6 Indians stopped from taking Air India’s Wuhan evacuation flight stare at uncertain future
At least six Indians are staring at an uncertain future after Chinese authorities stopped them from boarding the special Air India flight, which flew out of coronavirus-struck Wuhan city early on Saturday with 324 of their compatriots on board. The six Indians, comprising four students and two trainees from a Shenzhen-based Chinese electronics company, were stopped at immigration during their medical screening just before they were to board the New Delhi-bound aircraft.
At least six Indians are staring at an uncertain future after Chinese authorities stopped them from boarding the special Air India flight, which flew out of coronavirus-struck Wuhan city early on Saturday with 324 of their compatriots on board.
The six Indians, comprising four students and two trainees from a Shenzhen-based Chinese electronics company, were stopped at immigration during their medical screening just before they were to board the New Delhi-bound aircraft.
All six displayed either above normal or fluctuating temperatures during the screening, and were immediately asked to step aside from the immigration line.
Fever, cough and shortness of breath are three key symptoms of the novel Coronavirus, a previously unknown strain.
Soon after, they were whisked away in local government vehicles to their campuses for displaying, what local authorities felt, could be symptoms of the virulent disease.
They were told their return to India would be indefinitely postponed.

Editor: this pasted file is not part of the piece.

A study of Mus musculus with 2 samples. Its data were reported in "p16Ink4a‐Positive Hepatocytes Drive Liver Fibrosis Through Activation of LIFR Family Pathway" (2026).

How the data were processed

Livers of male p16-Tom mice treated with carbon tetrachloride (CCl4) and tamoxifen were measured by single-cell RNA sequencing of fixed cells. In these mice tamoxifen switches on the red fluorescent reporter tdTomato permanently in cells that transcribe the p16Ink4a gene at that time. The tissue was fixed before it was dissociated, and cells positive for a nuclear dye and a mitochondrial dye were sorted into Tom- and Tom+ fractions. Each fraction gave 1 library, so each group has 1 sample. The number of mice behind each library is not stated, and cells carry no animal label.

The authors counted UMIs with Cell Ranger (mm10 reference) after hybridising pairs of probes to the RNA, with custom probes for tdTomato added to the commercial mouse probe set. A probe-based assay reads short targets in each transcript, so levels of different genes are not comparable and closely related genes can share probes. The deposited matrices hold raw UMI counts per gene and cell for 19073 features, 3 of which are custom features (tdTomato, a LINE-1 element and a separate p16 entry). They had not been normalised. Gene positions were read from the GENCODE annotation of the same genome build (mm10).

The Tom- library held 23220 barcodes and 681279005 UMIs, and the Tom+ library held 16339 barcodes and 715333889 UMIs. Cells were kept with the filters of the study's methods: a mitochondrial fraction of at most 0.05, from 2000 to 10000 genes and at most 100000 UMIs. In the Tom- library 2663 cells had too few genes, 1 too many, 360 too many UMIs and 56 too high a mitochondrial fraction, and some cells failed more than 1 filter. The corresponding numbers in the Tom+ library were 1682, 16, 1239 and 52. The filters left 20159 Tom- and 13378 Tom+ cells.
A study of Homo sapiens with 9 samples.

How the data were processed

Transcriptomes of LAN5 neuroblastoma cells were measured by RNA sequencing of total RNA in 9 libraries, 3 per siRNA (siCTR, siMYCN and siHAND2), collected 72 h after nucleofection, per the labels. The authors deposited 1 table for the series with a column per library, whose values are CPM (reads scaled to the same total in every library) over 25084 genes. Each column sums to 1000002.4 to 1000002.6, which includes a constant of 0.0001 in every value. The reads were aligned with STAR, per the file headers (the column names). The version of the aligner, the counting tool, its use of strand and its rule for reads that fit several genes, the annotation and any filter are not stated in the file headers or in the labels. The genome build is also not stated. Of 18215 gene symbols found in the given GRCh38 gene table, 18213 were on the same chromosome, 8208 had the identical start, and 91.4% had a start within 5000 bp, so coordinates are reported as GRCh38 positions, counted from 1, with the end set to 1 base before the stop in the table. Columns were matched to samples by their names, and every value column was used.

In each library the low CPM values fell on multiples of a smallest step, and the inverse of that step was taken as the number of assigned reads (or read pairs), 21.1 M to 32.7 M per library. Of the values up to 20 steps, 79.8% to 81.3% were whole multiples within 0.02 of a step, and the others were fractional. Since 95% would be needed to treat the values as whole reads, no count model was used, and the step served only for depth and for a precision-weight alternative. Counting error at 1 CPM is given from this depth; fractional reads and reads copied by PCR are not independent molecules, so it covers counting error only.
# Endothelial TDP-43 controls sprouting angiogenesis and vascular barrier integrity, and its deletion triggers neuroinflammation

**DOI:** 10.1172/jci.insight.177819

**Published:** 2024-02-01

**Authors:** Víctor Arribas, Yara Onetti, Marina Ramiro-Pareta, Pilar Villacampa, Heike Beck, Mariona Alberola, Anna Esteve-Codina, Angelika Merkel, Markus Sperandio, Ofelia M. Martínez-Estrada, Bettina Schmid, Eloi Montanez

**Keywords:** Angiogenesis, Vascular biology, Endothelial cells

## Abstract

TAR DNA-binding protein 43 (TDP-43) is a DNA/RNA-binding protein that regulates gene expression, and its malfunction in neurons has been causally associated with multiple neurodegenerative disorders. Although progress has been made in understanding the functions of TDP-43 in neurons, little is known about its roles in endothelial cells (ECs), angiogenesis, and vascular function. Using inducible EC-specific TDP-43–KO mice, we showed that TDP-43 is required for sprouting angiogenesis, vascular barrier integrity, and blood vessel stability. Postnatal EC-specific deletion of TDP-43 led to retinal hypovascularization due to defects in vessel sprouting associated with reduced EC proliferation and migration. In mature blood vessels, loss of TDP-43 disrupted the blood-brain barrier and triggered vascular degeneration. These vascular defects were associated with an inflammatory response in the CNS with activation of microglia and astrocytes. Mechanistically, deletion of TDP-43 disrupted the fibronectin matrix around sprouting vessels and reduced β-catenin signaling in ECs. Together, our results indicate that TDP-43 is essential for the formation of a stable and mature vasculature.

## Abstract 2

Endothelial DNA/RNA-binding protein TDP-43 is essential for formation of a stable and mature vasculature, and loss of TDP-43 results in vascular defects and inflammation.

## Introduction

A message from the Indian embassy on Saturday confirmed their fear.
“As you are aware, yesterday at the airport you were not allowed to board the flight as the Chinese authorities felt that your body temperature was of concern. As a result, we have been advised that you may be placed under observation before you are considered for repatriation to India,” the Indian embassy said in the message sent to the six over the social media app, WeChat.
The embassy had taken up the issue of their repatriation with the Chinese authorities.
“Embassy has formally taken up the issue with Chinese authorities and have requested that adequate and proper health care support is provided to you during this period. We request you to follow the advice given by the Chinese authorities so that your health returns to normal at the earliest,” the message said.
HT spoke to two among the six now stranded in Wuhan.
“I don’t know why they are not allowing me? I have been inside my dormitory on self-quarantine for more than a week. The slight rise in temperature could be for any reason. I don’t have any issue of cold and cough,” the company trainee said.
The trainee added that local Chinese officials haven’t shared any information about the number of days they have to be under observation.
They know little else about what is store for them in the next few days.
“What do we do next? What will I do for food? What happens if I actually contract the disease here?” the trainee asked.
Initially, the six thought that they will be allowed to leave Wuhan in the second Air India flight that will take off for India tonight with Indians living in other parts of Hubei.
At least three buses from their different cities in Hubei are bringing the Indians to the Wuhan airport on Saturday evening.
As it turned out, the six are unlikely to be allowed to board the second flight.
“They said they cannot allow us to leave immediately. We need to stay in observation,” the second one among the six told HT from Wuhan.
“It’s not exactly quarantine but they will not allow us to go back to India early,” the person added.
The Indians who had agreed to be evacuated had to sign on an Indian embassy form that said it was possible that their application could be rejected on health parametres.
“I am aware that it is likely that on the basis of medical checks performed as part of the evacuation process, I may be rejected for evacuation or even placed in quarantine by authorities in China,” the embassy form had pointed out.